The last we heard of Mandi Schwartz’s battle with cancer was that a stem cell transplant had been put on hold because she was dealing with infections. Today brought a promising turn of events, though, as Mike Morreale of NHL.com reports that Schwartz finally received the stem cell transplant that doctors hope will revamp her immune system and fight off the cancer that has plagued her since late 2008.
Mandi Schwartz, sister of 2010 St. Louis Blues’ first-round draft choice Jaden Schwartz, finally has received the stem cell transplant she requires in an effort to beat the cancer that has been destroying her bone marrow since December, 2008.
According to yalebulldogs.com, the 32-minute procedure took place Wednesday afternoon at the Seattle Cancer Care Alliance’s inpatient transplant unit at the University of Washington Medical Center.
The next phase in her recovery is “engraftment”, during which the transplanted stem cells begin to grow in her bone marrow and manufacture new blood cells and immune cells. The stem cells, taken from two umbilical cord blood units donated anonymously, were placed into her body via a vein. The procedure should help establish Schwartz’ new immune system and should occur within a month. The hope is Wednesday’s procedure will put an end to her bout with acute myeloid leukemia — a type of cancer that starts inside the bone marrow and grows from cells that would normally turn into white blood cells within the immune system.
The transplant capped a busy 10 days for Schwartz and her family. Until receiving the results of a biopsy on Sept. 13, it remained unclear whether Schwartz would be cleared for the transplant. She had been battling a series of infections, but biopsy results indicated she remained in remission and doctors acted quickly to begin her conditioning for the procedure. The radiation treatment began Sept. 14 and was followed by chemotherapy.
It’s obviously not the end of the road for Schwartz’s recovery process, but this is heartening news after quite a few recent setbacks.
Mandi is the sister of Jaden Schwartz, the 14th overall pick of the 2010 draft by the St. Louis Blues. Good luck to the Schwartz family as they continue a valiant fight against cancer.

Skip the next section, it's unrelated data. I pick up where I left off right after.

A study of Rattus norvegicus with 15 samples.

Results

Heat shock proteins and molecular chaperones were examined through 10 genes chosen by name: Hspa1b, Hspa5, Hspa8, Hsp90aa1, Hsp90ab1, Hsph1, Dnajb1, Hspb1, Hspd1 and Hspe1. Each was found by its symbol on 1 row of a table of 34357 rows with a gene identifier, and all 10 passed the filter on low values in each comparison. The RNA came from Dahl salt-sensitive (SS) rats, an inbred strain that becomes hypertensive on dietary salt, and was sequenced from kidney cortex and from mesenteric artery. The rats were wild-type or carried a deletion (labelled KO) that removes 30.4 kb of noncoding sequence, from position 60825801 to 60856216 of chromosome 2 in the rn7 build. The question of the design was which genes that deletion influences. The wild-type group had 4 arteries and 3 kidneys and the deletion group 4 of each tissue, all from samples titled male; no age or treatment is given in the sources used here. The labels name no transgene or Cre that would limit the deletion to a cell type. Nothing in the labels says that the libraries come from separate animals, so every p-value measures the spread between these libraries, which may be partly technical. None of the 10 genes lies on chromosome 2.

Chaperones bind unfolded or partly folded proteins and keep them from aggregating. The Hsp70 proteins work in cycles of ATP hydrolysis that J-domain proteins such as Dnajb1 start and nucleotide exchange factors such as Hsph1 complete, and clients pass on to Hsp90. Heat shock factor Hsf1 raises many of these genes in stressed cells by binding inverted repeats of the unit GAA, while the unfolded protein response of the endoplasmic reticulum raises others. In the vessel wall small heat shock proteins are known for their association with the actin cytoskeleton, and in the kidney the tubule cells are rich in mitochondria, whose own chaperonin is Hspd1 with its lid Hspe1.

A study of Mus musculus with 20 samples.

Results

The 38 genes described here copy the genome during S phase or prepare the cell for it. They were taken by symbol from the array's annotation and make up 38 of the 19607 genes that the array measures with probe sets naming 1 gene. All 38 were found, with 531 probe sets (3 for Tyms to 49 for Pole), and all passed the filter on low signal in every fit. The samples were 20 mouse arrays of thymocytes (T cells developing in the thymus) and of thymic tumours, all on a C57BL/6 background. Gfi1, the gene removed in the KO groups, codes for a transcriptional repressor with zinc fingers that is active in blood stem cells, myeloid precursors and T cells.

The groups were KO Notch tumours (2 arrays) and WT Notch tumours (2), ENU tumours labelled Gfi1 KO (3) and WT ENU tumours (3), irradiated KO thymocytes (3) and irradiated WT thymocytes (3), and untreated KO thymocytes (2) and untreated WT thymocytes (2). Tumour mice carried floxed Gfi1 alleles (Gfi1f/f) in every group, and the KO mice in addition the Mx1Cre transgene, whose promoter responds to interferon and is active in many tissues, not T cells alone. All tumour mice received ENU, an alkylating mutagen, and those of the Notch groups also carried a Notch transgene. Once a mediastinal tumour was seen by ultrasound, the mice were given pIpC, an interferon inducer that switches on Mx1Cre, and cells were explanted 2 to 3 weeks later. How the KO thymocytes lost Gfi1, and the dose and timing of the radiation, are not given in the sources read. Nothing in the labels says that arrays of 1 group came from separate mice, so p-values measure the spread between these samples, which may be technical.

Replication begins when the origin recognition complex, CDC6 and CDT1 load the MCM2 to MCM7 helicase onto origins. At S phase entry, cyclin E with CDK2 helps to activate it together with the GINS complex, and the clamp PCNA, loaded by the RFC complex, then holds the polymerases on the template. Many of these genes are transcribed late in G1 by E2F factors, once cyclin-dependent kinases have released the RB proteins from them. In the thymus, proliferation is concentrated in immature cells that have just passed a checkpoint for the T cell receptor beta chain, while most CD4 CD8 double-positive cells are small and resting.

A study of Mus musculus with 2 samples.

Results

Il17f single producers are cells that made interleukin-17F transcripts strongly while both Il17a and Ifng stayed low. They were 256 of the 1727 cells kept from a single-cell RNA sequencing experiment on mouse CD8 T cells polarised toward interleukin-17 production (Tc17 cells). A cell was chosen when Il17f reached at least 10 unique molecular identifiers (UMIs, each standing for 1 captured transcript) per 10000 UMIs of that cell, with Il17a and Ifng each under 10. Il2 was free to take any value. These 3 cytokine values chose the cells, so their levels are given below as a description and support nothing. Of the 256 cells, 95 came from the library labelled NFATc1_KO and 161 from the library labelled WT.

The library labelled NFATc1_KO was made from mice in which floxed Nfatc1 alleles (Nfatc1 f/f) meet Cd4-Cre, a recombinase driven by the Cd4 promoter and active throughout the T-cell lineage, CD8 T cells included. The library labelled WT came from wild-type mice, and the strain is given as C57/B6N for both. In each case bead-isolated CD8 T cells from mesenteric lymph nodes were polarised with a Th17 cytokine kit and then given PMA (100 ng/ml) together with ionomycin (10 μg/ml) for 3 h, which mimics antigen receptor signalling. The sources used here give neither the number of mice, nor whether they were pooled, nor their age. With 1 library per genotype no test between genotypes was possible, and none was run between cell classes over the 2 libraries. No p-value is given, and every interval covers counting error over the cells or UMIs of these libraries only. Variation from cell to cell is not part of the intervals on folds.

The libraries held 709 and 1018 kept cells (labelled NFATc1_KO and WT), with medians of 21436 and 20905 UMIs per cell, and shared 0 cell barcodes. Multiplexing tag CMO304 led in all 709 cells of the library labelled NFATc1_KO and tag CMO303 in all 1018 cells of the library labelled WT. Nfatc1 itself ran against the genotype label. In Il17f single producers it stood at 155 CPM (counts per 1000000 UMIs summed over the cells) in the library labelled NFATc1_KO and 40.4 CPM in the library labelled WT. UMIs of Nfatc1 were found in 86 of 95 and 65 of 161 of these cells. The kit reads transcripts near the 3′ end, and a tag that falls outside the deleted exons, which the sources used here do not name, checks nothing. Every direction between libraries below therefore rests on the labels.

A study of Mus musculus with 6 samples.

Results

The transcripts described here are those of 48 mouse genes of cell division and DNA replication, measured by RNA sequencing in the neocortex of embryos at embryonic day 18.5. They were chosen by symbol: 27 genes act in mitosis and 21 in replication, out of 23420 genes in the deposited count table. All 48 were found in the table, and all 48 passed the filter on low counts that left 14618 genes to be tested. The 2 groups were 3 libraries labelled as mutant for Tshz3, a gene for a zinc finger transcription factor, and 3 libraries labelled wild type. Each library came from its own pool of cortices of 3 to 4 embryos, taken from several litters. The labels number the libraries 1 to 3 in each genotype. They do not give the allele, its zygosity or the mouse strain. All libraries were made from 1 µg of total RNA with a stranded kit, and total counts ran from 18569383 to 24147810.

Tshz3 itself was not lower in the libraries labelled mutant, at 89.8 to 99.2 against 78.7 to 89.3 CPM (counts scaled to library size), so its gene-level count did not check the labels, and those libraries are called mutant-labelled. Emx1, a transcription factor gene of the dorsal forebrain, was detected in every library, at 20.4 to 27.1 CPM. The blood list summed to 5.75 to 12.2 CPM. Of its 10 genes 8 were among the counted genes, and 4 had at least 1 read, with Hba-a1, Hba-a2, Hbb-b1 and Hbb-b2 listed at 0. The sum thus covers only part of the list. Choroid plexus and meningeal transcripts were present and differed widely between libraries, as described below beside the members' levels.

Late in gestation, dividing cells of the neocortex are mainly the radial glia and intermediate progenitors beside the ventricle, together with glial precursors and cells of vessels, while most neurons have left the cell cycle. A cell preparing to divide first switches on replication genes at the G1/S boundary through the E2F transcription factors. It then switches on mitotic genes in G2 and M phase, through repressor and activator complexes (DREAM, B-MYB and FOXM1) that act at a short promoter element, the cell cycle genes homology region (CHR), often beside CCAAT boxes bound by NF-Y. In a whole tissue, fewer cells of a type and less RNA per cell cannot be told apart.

Last night in Los Angeles, Kings forward Milan Lucic received a match penalty after skating the entire width of the ice to give San Jose’s Logan Couture a two-hand shove to the face.
Lucic didn’t hurt Couture, who had caught Lucic with an open-ice hit that Lucic didn’t like. Couture’s smiling, mocking face was good evidence that the Sharks’ forward was going to be OK.
This morning, Lucic was still in disbelief that he was penalized so harshly.
“I didn’t cross any line,” Lucic said, per Rich Hammond of the O.C. Register. “Believe me, if my intentions were to hurt him, I would have hurt him.”
While Lucic knew he deserved a penalty, he said after the game that he didn’t “know why it was called a match penalty.” His coach, Darryl Sutter, agreed, calling it “a borderline even roughing penalty.”
And though former NHL referee Kerry Fraser believes a match penalty was indeed warranted, Lucic said this morning that he hasn’t heard from the NHL about any possible supplemental discipline.
Nor for that matter has Dustin Brown, after his high hit on Couture in the first period.
In conclusion, it’s good to have hockey back.
Related: Sutter says Kings weren’t ‘interested’ in checking the Sharks
A statement from Raffi Torres:
“I accept the 41-game suspension handed down to me by the NHL’s Department of Player Safety. I worked extremely hard over the last two years following reconstructive knee surgery to resume my NHL career, and this is the last thing I wanted to happen. I am disappointed I have put myself in a position to be suspended again. I sincerely apologize to Jakob for the hit that led to this suspension, and I’m extremely thankful that he wasn’t seriously injured as a result of the play. I also want to apologize to my Sharks teammates and the organization.”
A statement from San Jose GM Doug Wilson:
“The Sharks organization fully supports the NHL’s supplementary discipline decision regarding Raffi. While we do not believe there was any malicious intent, this type of hit is unacceptable and has no place in our game. There is a difference between playing hard and crossing the line and there is no doubt, in this instance, Raffi crossed that line. We’re very thankful that Jakob was not seriously injured as a result of this play.”
Silfverberg says he expects to play Saturday when the Ducks open their regular season Saturday in San Jose.